It's no secret that Keller came into the world an intense, frenetic ball of boy. He rolled over at 11 weeks, crawled at 5 months, walked at 9 1/2 months, and I'm fairly certain he climbed his first tree a week later. He is funny and goofy and often inappropriate. He chews like a cow, for which he often earns an admonishment to "Quit 'chaw-ing'" from me. He has been on both the giving and receiving ends of countless bloody noses and goose eggs. And if I had a nickel for every exasperation-laden email I've received from one of his teachers, I'd be circling the world in a private jet right now, using dollar bills to blow my nose and gold coins to push back my cuticles. Keeping up with Keller is a full-time job.
But he is also smart and generous. He is sensitive and feels it deeply when he has hurt someone. He still gives bedtime kisses and will even sneak me a quick kiss when he gets out of the car at the bus stop. He wore his 'wedding outfit' to school on Friday, when his class was narrowing down their class officer nominations. Yes, my sweet boy went to third grade "dressed for success" (his words) in a tie and vest, and although he didn't win the nomination, he graciously agreed to be the campaign manager for the boy he has had an intense rivalry with for the better part of the school year. He has a sense of humor that far outpaces most kids his age. He is willing to try just about anything once, which means that he gets to experience active endeavors like rock climbing, mountain biking, and adventure racing at an age when most kids have never even watched, let alone participated in the sports.
It is hard, as his mom, to know that many people only see the less-than-glamorous parts of Keller, and miss out on the total picture. I can't tell you how many times someone has made a comment that left me torn between defensively rattling off all of Keller's strengths, or just skipping that in favor of popping them in the mouth. The day we walked into orientation for the Gifted & Talented center program at our old school in Virginia, I actually saw a few jaws drop. I wanted to scream, "Yes, he's hyper and silly, but he's also really freaking smart. So there." Instead, I settled for offering up a few really
bitchy surprised exclamations of "Oh, I didn't realize ______ was going to be in the program!"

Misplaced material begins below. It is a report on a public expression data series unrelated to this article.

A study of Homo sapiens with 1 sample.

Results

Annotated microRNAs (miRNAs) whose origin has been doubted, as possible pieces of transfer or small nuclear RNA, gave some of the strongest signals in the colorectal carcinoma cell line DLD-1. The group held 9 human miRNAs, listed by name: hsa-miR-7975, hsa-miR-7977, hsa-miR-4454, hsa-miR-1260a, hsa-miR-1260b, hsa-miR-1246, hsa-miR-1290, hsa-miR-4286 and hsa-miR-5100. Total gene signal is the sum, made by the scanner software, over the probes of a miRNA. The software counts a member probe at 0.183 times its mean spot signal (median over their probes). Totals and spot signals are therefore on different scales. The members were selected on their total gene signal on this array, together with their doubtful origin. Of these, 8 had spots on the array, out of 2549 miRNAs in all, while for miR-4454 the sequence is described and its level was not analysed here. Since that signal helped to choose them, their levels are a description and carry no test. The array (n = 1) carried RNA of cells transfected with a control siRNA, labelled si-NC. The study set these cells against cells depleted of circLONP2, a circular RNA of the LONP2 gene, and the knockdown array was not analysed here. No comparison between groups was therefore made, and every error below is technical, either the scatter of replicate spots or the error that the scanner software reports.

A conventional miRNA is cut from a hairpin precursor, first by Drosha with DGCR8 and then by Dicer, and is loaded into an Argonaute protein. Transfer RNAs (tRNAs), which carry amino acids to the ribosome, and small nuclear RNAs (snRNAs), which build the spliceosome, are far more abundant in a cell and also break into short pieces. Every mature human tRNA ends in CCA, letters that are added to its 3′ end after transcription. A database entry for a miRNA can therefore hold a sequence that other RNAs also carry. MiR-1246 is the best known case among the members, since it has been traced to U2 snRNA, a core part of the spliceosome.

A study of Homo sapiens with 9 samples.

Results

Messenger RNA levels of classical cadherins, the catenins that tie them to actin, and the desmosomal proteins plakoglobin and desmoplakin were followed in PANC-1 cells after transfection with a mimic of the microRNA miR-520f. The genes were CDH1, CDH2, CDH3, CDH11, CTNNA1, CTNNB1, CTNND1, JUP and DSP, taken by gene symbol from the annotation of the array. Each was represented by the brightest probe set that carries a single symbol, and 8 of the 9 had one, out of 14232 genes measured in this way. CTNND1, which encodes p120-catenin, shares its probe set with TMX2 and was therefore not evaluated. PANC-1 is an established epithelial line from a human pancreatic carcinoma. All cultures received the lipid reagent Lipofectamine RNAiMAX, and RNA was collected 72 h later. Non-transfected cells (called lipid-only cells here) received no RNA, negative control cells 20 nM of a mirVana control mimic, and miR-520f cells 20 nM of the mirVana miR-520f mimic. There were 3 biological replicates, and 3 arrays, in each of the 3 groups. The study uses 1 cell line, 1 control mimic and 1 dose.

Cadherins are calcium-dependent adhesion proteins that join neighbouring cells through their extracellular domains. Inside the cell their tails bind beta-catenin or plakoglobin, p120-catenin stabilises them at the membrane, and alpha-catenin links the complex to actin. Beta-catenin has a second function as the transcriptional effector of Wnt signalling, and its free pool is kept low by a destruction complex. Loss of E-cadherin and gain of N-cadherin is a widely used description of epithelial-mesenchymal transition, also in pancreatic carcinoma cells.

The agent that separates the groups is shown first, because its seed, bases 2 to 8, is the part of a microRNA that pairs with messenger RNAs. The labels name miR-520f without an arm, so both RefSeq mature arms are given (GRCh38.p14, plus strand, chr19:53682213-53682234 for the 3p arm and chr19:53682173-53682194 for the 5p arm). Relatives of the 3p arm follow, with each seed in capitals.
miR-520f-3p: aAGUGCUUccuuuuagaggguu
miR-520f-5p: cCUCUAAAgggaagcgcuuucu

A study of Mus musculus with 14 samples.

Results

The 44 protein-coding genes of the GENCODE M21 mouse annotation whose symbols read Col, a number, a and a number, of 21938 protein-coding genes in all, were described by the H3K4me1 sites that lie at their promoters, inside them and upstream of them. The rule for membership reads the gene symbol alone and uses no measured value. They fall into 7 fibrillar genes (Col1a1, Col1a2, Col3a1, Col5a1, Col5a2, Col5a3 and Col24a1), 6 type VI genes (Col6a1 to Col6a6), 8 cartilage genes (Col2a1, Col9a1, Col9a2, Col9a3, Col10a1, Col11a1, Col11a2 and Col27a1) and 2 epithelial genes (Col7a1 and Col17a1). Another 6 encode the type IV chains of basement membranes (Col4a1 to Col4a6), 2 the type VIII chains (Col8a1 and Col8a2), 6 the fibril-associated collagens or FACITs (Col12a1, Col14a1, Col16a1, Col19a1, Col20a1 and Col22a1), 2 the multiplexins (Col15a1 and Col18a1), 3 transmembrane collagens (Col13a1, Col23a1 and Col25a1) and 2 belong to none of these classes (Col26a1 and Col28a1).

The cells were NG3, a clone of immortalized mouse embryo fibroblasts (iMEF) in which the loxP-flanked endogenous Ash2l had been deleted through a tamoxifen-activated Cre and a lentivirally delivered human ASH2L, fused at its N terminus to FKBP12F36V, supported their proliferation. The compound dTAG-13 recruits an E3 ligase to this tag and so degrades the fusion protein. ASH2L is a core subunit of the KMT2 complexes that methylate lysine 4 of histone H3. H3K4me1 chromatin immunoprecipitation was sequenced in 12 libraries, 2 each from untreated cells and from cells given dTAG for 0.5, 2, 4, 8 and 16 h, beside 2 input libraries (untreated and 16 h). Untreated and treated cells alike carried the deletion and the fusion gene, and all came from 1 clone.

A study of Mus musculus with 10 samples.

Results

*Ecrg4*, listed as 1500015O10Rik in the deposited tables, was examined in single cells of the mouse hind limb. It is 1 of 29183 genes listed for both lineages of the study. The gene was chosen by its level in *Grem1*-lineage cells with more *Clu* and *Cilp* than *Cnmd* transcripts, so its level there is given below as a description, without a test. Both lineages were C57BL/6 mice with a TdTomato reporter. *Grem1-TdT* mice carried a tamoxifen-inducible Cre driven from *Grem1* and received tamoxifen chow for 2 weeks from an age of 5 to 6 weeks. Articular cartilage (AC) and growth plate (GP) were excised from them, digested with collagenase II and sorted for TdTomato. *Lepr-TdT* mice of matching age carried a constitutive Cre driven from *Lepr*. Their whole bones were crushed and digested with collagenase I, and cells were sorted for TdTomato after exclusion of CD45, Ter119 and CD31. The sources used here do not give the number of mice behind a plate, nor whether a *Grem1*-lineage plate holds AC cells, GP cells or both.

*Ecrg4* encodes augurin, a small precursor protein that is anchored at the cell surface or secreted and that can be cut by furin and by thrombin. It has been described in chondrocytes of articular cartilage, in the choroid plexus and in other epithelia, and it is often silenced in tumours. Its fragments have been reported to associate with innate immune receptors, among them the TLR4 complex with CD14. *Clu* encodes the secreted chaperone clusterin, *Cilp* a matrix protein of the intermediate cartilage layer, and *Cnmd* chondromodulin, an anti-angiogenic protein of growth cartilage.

Every so often, though, he gets a chance to shine and surprise people who think they've seen all he has to offer. For me, those moments are a bit of a pay-off for years of attempting to help Keller channel his energy, while giving him space to be himself and keep all of his unique Keller-ness intact. Last week, Dave and I received an email from his teacher, who was awestruck by our boy's interaction with preschoolers when his class walked to the base daycare to read Dr. Seuss books for Read Across America day. She said that she saw his sweet, nurturing side really shine through as she watched him read to the children, play with them, and do little acts of kindness, like tying a boy's shoe for him.
So, without further ado. . .(ok, so there may be further ado. . .give the video a minute to load!)
I'd like to close by schooling everyone with a list of famous, successful people who have been blessed with the 'gift'of ADHD:
Ty Pennington of Extreme Makeover Home Edition
Sir Richard Branson founder of Virgin (including Virgin Airlines, Virgin Records, and about 398 other companies), adventurer, and 4th wealthiest man in the UK
Jim Carrey comedian and actor
Michael Phelps swimmer who racked up 14 gold medals at the Athens and Beijing Olympics
Will Smith actor, singer, father
Justin Timberlake Grammy-winning singer, dancer, actor
Terry Bradshaw Pittsburgh Steelers quarterback who led them to 4 Super Bowl wins
Paul Orfalea founder of Kinko's who also struggled with dyslexia and alleges that if No Child Left Behind had been around when he was a child, he'd still be in third grade :)
David Neeleman founder of JetBlue Airways
I cannot wait to see what my exuberant boy does with his many gifts.